Emotion Regulation Patterns in Adolescents with High-Functioning Autism Spectrum Disorder: Comparison to Typically-Developing Adolescents and Association with Psychiatric Symptoms

Friday, May 16, 2014: 2:20 PM
Imperial A (Marriott Marquis Atlanta)
C. A. Mazefsky1, X. Borue1, T. N. Day2 and N. J. Minshew3, (1)Psychiatry, University of Pittsburgh School of Medicine, Pittsburgh, PA, (2)University of Pittsburgh, Pittsburgh, PA, (3)Psychiatry and Neurology, University of Pittsburgh School of Medicine, Pittsburgh, PA
Background: Autism spectrum disorder (ASD) is often associated with poor emotional control and psychopathology, such as anxiety and depression. However, little is known about the underlying mechanisms. Emotion regulation (ER) is a potential contributing factor, but there has been limited research on ER and its role in comorbid psychopathology in ASD. We know especially little about the rate at which individuals with ASD engage in involuntary ER responses as the few existing studies have focused on effortful control strategies (e.g. cognitive re-appraisal). 

Objectives: This study aimed to: 1) Explore patterns of both voluntary and involuntary forms of ER in adolescents with high-functioning ASD; 2) Investigate how ER corresponds to manifestations of psychopathology.

Methods: Participants included 25 high-functioning adolescents with ASD and 23 age- and IQ-matched typically-developing (TD) controls. Participants completed the Response to Stress Questionnaire, Social Stress Version (RSQs) as a measure of voluntary and involuntary ER processes. Parent- and self-reports of psychopathology were obtained, including broad measures of internalizing and externalizing problems and specific assessments of anxiety and depression.

Results: Contrary to expectations, both groups reported similar levels of adaptive, effortful control forms of ER (re-appraisal, problem-solving, acceptance, etc.). However, the ASD group reported significantly greater use of involuntary forms of ER that are typically maladaptive, including involuntary engagement (rumination, intrusive thoughts, emotional arousal, and involuntary action) and involuntary disengagement (emotional numbing, cognitive interference, inaction, and escape). Associations between ER and psychopathology were generally more robust using self- rather than parent-report. For both groups, greater endorsement of involuntary ER strategies was associated with higher ratings of psychopathology, whereas the use of effortful control approaches was significantly associated with lower levels of psychopathology. The magnitude and direction of association between ER types and psychopathology were similar for measures of depression and anxiety.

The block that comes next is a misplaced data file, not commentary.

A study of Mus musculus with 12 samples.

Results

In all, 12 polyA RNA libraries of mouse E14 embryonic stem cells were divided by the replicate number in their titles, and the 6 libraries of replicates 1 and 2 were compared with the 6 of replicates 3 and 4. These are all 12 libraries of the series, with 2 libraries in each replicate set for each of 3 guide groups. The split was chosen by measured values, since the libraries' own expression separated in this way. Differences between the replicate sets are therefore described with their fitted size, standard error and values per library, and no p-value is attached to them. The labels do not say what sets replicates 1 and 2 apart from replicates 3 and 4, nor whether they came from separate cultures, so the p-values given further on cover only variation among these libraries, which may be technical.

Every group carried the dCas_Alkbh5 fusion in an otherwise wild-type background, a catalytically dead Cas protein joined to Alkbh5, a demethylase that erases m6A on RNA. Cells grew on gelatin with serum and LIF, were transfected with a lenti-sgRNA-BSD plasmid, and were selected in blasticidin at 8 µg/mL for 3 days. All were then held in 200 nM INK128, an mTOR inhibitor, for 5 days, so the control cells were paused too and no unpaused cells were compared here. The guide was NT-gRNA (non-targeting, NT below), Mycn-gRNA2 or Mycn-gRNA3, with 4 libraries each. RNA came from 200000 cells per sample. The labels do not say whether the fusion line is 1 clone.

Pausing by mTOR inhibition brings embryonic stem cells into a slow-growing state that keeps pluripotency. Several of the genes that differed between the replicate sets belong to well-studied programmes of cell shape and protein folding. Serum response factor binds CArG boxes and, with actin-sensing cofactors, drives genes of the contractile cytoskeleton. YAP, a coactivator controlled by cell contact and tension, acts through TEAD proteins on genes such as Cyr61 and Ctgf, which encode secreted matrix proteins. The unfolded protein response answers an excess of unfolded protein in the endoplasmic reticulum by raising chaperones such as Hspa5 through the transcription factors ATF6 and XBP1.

Conclusions: This was the first study to examine ER in adolescents with ASD. Our finding that the ASD and TD groups did not differ in their use of effortful ER (primary and secondary control) differs from prior studies with children [Rieffe et al., 2011] and adults [Samson et al., 2012]. Longitudinal follow-up studies are warranted to clarify whether adolescence is an ideal window for ER-related prevention and treatment efforts in ASD. The ASD group did report significantly higher rates of involuntary ER approaches that are usually considered maladaptive. This finding lends some support to the previously untested contention that ER in ASD may be characterized by more internally-driven responses that are less organized and goal-directed than in non-ASD populations [Mazefsky et al., 2013]. Further, greater use of involuntary forms of ER was related to higher levels on broad measures of internalizing and externalizing behaviors as well as specific assessments of anxiety and depressive symptoms.  These findings can help guide the development of psychosocial treatments targeting dysfunctional ER in adolescents with ASD. Given that patterns of association were fairly similar for both anxiety and depression, a transdiagnostic approach targeting ER skills, rather than discrete disorders, may prove useful across the different manifestations of emotional distress in ASD.